Africa’s Dual Burden.. Combating Undernutrition and Obesity

Soukaina Sghir
Soukaina Sghir
3 Min Read

Close to a billion people worldwide are affected by obesity, as estimated and published in the British medical journal, The Lancet, in collaboration with the World Health Organization (WHO) on World Obesity Day. The report highlights an acceleration of this epidemic in low- and middle-income countries, particularly in Africa.

The “epidemic” has surged “faster than anticipated,” stated Professor Francesco Branca, Director of WHO’s Department of Nutrition for Health and Development, during a late February press conference. Initially projected to surpass the billion-person threshold around 2030, according to Professor Majid Ezzati from Imperial College London, one of the principal authors of the study conducted by The Lancet in collaboration with WHO.

According to this extensive study, between 1990 and 2022, obesity rates have quadrupled among children and adolescents and doubled among adults. The rates have nearly tripled among men and doubled among women. Even more alarming, in 2022, approximately 160 million children and adolescents (94 million boys and 65 million girls) were affected by this disease. Thirty years earlier, they numbered 31 million.

“Double Burden”

Moreover, some low- and middle-income countries now exhibit obesity rates surpassing many industrialized nations, particularly in Europe. Not only insufficient intake but also poor dietary quality: many low- and middle-income countries experience the “double burden” of undernutrition and obesity, particularly evident in Africa. While a portion of their population still lacks access to sufficient calories, another segment grapples with poor dietary habits.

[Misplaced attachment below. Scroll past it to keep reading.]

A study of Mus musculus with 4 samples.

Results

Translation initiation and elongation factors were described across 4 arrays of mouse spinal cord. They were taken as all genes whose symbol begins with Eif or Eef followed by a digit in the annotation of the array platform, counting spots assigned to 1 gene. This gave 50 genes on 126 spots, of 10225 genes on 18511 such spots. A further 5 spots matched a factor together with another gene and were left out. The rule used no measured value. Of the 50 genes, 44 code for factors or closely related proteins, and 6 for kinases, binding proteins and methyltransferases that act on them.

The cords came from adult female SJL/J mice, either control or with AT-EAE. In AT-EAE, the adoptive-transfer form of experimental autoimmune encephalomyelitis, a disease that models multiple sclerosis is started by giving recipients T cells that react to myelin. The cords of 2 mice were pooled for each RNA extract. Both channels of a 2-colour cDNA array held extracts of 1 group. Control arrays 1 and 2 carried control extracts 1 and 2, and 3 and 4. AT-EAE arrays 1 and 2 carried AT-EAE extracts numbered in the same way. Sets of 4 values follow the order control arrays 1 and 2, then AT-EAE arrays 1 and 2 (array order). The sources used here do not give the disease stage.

In 2022, a WHO study warned about this “ticking time bomb” for public health, identifying ten particularly affected countries, most in Southern Africa: Botswana, Eswatini, Lesotho, Mauritius, Namibia, Seychelles, and South Africa. Additionally, in the northern region: Gabon, Mauritania, and Algeria, the latter holding the record for the highest number of obese individuals on the continent.

Addressing this dual burden necessitates comprehensive strategies targeting both undernutrition and obesity. Governments, international organizations, and communities must collaborate to improve access to nutritious foods, promote healthy lifestyles, and enhance public awareness regarding the risks associated with obesity. By addressing these intertwined challenges, Africa can pave the way towards a healthier future for its people.